Wednesday, August 8, 2012 - 16:47

It’s an annual disaster. The scale varies. The people are accustomed to the annual loss. Yet are there long-term solutions we are not exploring?

“We will soon have to move out of this school which has given us shelter since the floods. It was the only pucca (permanent) structure so we had to come here,” says Geeta Das, 35, whose child studies in Shantipur Lower Primary school in Morigaon District of Assam which gave shelter to 15 families of the Shantipur village, including hers.  “Schools will open next week and we don’t want our children to miss the opportunity of having a better and safer future than ours,” she adds.  

Raised platforms are an immediate need

It has been over a month since the flood waters crept up in the middle of the night and took people unawares in large parts of Assam. The floods that hit Assam late night on 27th June left over a 100 dead and hundreds of thousands homeless. The water levels continue to fluctuate throughout the 3-4 months of Monsoon season and people remain alert to the need of rushing to the raised platforms. 

For almost 6-10 days people were stranded on any raised platform they managed to find; government schools built on higher ground or raised platforms like the ones built by ActionAid India and its partners, even highways and other roads still above water. They returned only to see a crumbled wall or even their entire homes and belongings completely washed away.  

Some were lucky enough to quickly build a raised platform inside their sturdier homes to store food stocks and other important material. Nevertheless, many lost what little food they had to the flood waters and livestock to water-borne diseases. 


The Monsoon season in India begins in the first week of June, when it first hits the southern tip of the peninsula and by mid July it usually engulfs the entire sub-continent. Different parts of the country receive varying amounts of rainfall, but the north eastern region of India receives a bulk of this rainfall, thus Cherrapunji until a few years back and more recently Mawsynram (both in Meghalaya) have been known to receive the most rainfall in the world. 

Assam, a close neighbouring state to Meghalaya is cut across horizontally by the largest river on the subcontinent, the Brahmaputra. When the monsoons flush over the north-eastern region, the Brahmaputra swells manifold as do its various tributaries.

Long-term impact on agriculture

The Brahmaputra is a boon for the communities that depend on agriculture in this region, but it is also often dubbed the ‘river of sorrow’ for the massive destruction it is capable of, when in spate; as it was this July.  

The Brahmaputra swells several times each year, the banks see a rise in the water levels each year. But over the years the communities living along the river have witnessed dramatic change in the pattern of the monsoons.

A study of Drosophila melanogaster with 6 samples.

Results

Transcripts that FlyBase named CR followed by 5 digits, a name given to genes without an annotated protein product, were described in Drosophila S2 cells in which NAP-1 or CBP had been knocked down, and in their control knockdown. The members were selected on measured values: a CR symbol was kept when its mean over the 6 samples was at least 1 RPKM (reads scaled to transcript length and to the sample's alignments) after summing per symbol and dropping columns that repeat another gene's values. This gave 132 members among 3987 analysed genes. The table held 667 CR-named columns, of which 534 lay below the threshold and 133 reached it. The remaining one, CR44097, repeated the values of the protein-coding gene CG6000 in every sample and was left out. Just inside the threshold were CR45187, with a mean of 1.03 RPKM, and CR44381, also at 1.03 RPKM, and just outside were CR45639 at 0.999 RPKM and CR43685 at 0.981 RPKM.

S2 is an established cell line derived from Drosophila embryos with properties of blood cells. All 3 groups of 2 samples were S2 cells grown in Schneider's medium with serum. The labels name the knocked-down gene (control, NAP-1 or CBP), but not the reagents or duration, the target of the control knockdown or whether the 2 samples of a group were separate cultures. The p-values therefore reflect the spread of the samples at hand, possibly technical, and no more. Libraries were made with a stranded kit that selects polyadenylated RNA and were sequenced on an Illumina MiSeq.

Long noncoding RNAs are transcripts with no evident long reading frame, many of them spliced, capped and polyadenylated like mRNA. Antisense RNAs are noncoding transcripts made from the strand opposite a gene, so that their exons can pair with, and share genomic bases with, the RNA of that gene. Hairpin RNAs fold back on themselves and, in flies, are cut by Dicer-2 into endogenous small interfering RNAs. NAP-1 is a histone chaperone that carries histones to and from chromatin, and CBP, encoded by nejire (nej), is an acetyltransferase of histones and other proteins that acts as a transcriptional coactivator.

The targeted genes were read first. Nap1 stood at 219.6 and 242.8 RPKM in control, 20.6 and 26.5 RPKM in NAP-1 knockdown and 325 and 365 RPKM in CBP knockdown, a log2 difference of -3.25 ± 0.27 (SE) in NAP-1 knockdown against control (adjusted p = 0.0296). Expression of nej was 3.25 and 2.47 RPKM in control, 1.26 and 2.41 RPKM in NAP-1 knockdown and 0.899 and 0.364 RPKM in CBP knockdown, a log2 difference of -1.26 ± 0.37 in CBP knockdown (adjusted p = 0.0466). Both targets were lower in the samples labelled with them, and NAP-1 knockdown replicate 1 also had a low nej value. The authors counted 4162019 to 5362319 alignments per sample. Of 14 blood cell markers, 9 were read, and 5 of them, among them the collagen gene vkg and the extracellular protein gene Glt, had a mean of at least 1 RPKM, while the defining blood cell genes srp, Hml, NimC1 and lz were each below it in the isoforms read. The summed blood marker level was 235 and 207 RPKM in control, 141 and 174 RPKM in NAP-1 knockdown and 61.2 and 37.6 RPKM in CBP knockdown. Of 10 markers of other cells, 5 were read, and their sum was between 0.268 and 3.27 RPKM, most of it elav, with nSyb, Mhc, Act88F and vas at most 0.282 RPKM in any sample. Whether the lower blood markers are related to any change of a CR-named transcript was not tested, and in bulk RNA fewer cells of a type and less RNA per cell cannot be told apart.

Opening of flood gates of innumerable dams further upstream without warning and removal of river-bed rocks (that hold the river bed soil down) for increased construction work, have also contributed to the mounting scale of devastation the communities face each year. 

Such frequency and scale of destruction being witnessed has made many weary of depending on agriculture on these flood plains. “People in our village are losing hope and trust on agriculture. They are increasingly shunning agriculture as their main livelihood and demanding industrial training,” says Bhadrakanta Deka, 35, himself a farmer in Aatigaon village, Morigaon District. He is also a member of the agriculture committee organized by ActionAid partner NGO sSTEP. 

Aatigaon, though not new to floods, has not seen this scale of devastation before. While there is migration among the households in this village since before, this year since the floods hit in such scale, the numbers have amplified. “More than half the households in this village have at least one or more members of it out looking for daily wage labour work in Kerala and Karnataka,” shared Bhadrakanta Deka.

Options ahead of us 

The cause for the scale of destruction is manifold. It includes climate change as well as the large numbers of dams and mining of sand and bedrock further upstream, lack of sluice gates near low-lying areas to check ‘back flow’ from the Brahmaputra, faulty/ temporary embankments or non maintenance of embankments in the winter season – the ‘no flood’ time. 

However, there are some steps that can be taken on a larger scale to keep in check the number of people being affected by such floods.  

“ActionAid India and Gram Vikas Mancha (GVM) had started a Disaster Risk Reduction project in 2007 with support from UK Aid. We had built about 50 raised tube wells, 5 raised community toilets and raised platforms/shelters and in Nalbari district” says Prithibhushan Deka of GVM an ActionAid partner NGO. 

“These were accessed by hundreds of families in and around the areas at the time of floods. And still more could benefit from more such facilities,” he adds. 

“Over 75 per cent of the population in Nalbari district is dependent on agriculture, much like in other parts of flood-hit Assam. There is no major industry or alternative livelihood that can provide a steady source of income,” says Seemanta of sSTEP, an NGO partner in Morigaon District. 

“Now with the shrinkage of government jobs and agriculture not faring too well, we must increase focus on protection and promotion of agriculture,” he adds.